Marine and Freshwater Research Marine and Freshwater Research Society
Advances in the aquatic sciences
RESEARCH ARTICLE

Salinity may cause fragmentation of hardyhead (Teleostei: Atherinidae) populations in the River Murray, Australia

Scotte D. Wedderburn A C , Keith F. Walker A and Brenton P. Zampatti B
+ Author Affiliations
- Author Affiliations

A School of Earth & Environmental Sciences DX650 312, The University of Adelaide, SA 5005, Australia.

B SARDI Aquatic Sciences, PO Box 120, Henley Beach, SA 5022, Australia.

C Corresponding author. Email: scotte.wedderburn@adelaide.edu.au

Marine and Freshwater Research 59(3) 254-258 https://doi.org/10.1071/MF07205
Submitted: 31 October 2007  Accepted: 28 February 2008   Published: 30 April 2008

Abstract

Salinisation in lowland areas of the Murray–Darling Basin, Australia, has had noticeable effects on fish. The endangered endemic Murray hardyhead Craterocephalus fluviatilis is distributed patchily and confined mainly to saline waters (0.4–20 g L–1), whereas the unspecked hardyhead C. stercusmuscarum fulvus has a more continuous distribution but is absent from high salinities (>10). Osmoregulation was compared in these two congeners and an estuarine atherinid, the small-mouth hardyhead Atherinosoma microstoma, over a wide salinity range (0.03–85). All three species are euryhaline, although the osmoregulatory ability of C. s. fulvus falters above ~35 salinity. In low salinity (<1), C. fluviatilis is a better osmoregulator than A. microstoma, but both species tolerate hypersaline conditions (85). These data imply a physiological reason for the predominance of C. fluviatilis in inland saline waters, but the reasons for its absence from freshwater habitats (<0.4) remain unclear. The findings have implications for other freshwater fish, especially populations of closely related species, subjected to the effects of salinisation or other stressors.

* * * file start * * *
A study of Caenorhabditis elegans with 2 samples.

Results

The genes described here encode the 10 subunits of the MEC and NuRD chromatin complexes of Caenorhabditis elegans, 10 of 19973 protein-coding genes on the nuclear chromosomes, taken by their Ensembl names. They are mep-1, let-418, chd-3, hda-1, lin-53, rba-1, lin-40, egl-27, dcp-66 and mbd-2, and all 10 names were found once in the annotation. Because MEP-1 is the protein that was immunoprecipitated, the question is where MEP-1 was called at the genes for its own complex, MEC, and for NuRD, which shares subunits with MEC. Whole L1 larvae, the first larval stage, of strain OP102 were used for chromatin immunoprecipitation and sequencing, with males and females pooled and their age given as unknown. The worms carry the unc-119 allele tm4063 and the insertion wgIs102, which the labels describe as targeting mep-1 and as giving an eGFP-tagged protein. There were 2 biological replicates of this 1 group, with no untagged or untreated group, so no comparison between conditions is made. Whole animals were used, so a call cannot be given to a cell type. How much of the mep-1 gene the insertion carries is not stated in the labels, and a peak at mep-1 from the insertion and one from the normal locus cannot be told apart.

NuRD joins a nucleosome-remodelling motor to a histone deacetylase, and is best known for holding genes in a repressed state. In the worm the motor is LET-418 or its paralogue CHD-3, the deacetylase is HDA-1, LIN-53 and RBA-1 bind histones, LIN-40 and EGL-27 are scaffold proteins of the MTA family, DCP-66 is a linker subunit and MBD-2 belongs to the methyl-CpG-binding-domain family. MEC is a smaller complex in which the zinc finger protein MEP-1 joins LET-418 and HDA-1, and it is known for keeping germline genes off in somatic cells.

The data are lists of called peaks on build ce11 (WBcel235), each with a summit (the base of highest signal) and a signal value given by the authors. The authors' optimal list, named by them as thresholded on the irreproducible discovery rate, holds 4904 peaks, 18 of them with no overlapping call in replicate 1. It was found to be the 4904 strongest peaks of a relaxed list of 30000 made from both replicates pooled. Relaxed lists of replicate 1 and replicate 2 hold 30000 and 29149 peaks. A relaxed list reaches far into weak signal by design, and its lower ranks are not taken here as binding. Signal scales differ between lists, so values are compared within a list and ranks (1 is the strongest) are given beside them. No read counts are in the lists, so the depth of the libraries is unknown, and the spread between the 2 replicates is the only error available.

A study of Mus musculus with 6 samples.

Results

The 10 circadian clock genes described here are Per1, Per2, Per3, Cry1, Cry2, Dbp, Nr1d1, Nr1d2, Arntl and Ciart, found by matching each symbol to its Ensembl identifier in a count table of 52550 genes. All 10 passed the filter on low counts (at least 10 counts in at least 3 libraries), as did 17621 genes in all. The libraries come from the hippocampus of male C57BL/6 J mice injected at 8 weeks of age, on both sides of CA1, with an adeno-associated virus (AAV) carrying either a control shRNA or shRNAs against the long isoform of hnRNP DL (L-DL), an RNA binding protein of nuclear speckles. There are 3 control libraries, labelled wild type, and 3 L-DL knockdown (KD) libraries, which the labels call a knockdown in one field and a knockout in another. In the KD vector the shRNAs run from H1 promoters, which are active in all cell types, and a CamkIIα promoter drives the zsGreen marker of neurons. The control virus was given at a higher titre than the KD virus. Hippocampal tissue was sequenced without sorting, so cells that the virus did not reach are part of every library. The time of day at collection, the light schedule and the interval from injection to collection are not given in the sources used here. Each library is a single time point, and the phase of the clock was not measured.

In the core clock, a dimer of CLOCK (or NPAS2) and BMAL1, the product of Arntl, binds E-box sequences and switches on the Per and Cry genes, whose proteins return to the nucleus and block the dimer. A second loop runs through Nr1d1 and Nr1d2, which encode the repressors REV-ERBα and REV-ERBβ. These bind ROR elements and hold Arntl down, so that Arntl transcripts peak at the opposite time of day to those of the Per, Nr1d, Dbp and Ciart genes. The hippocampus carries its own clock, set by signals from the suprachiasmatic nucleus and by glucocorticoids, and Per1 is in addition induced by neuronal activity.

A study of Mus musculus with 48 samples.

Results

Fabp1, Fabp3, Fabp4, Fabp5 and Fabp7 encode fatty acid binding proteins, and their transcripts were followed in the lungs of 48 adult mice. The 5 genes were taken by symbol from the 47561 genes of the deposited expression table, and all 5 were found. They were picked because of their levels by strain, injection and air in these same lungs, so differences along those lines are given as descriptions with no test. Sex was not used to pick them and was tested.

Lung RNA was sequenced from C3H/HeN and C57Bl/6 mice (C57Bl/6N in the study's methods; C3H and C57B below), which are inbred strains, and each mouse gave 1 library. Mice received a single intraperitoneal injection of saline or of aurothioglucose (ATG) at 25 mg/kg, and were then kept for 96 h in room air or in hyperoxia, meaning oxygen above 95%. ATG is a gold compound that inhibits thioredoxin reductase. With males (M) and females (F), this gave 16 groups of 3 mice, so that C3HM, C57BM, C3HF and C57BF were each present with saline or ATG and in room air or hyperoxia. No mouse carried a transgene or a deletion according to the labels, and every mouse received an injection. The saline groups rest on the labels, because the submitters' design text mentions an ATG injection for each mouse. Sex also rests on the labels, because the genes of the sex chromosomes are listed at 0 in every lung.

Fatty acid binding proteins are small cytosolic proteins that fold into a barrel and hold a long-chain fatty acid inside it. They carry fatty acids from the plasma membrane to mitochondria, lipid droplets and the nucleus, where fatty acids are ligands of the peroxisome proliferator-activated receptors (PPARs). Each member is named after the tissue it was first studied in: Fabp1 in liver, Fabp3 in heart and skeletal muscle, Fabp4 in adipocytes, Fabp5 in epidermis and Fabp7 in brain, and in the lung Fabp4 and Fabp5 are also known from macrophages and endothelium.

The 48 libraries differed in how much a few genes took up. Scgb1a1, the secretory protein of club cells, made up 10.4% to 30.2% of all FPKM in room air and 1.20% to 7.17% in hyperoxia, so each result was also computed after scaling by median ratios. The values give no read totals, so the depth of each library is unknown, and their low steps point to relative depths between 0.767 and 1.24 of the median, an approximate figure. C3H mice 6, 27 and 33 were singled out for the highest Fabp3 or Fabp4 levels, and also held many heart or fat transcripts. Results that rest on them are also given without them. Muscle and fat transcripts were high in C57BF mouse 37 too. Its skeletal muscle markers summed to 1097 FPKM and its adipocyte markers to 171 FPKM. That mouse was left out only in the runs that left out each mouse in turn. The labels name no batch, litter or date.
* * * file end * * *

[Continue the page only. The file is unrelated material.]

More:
Additional keywords: Atherinosoma, Craterocephalus, endangered species, osmoregulation, salinity tolerance.


Acknowledgements

The present study is from PhD research by S.D.W., co-supervised by K.F.W., B.P.Z., Associate Professor David Paton and Dr Michael Geddes. It was funded by the South Australian Murray–Darling Basin Natural Resources Management Board, the Goolwa to Wellington and Coorong and Districts Local Action Planning boards and the University of Adelaide’s Faculty of Science. We thank Michael Hammer, Nadine Kilsby, Karl Hillyard, Eric Nicholson and Associate Professor Robert Reid for field and laboratory assistance. We are grateful to Dr Wayne Robinson and Dr Lorenzo Vilizzi for statistical advice, and to three anonymous reviewers, and the Editor, for their very helpful comments.